The title of an AP article out this morning reads, "Bush backs amendment banning gay marriage." Aside from holding this belief himself, the article attributes Bush's support for the amendment to appeasing his religious conservative base.
I personally like the position taken by Kinky Friedman, candidate for governor of Texas: Kinky supports gay marriage and equal rights for homosexuals. He believes that the constitution protects everyone. As he says, "I believe love is bigger than government. And besides, they have a right to be as miserable as the rest of us."
I know and am friends with many in the gay community, and of those in long-term relationships, not one has expressed a preference for entering into a "marriage" with their partner vs. entering into a "civil union"; what they are interested in is equal protection of the law as guaranteed in the 14th amendment. Today there are 1,138 benefits, rights and protections granted to married couples that do not apply to same-sex couples (because even long-term partners can't marry), and herein lies the problem since these obviously discriminate against same-sex couple who cannot marry today. Among these rights and benefits are:
- Community property ownership protections
- Eligibility for health benefits (without taxation) and COBRA benefits through an employer
- Right to inherit a spouse's pension
- Immunity from testifying against a spouse
- Right to sue for wrongful death of a spouse
- Child custody, visitation, and duties of financial support to children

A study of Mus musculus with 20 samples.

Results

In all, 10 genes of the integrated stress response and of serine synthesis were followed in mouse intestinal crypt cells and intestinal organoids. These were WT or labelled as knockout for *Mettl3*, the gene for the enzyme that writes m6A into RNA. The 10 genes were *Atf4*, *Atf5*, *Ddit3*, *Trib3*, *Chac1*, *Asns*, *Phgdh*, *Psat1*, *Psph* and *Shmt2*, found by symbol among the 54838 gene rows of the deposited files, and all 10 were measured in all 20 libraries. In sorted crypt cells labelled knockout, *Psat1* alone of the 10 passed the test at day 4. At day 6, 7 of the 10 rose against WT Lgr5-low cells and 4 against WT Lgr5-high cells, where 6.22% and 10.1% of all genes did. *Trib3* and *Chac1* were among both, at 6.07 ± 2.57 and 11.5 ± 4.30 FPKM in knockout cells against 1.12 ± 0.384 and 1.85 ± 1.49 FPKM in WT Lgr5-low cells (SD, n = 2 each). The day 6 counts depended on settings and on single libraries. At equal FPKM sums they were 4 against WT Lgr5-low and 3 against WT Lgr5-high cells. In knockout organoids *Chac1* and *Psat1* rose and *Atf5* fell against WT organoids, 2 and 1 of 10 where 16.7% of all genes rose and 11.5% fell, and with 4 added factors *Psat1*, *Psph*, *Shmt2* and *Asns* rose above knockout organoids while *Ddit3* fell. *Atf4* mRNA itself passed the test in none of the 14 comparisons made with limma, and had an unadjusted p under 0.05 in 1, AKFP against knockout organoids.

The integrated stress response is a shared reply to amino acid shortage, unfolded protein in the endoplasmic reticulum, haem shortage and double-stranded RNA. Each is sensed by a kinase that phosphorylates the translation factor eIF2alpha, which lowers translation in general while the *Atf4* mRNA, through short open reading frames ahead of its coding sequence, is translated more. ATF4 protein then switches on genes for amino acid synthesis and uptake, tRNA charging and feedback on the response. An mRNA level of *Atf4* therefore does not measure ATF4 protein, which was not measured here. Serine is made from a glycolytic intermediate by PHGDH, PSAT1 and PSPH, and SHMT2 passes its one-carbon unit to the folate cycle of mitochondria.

- The right to make medical decisions for a sick spouse
- The right to make funeral arrangements for a deceased spouse
The basis in the argument against gay marriage boils down to one issue: discrimination. While the sight of a same-sex couple expressing their affection publicly is more awkward to me than seeing a heterosexual couple doing the same, I recognize and understand that this is my problem and prejudice--not theirs! And note that less than 40 years ago, interracial marriage was against the law in 16 states (interesting that all of these are "red" states with the exception of Delaware) when the Supreme Court struck down those laws in Loving v. Virginia.
Politically, I find it offensive that instead of working to extricate the United States from the quagmire of Iraq or spending time solving the problem of exploding government debt, that our president would rather focus on inane matters like banning gay marriage, because everyone knows that's what Jesus would do.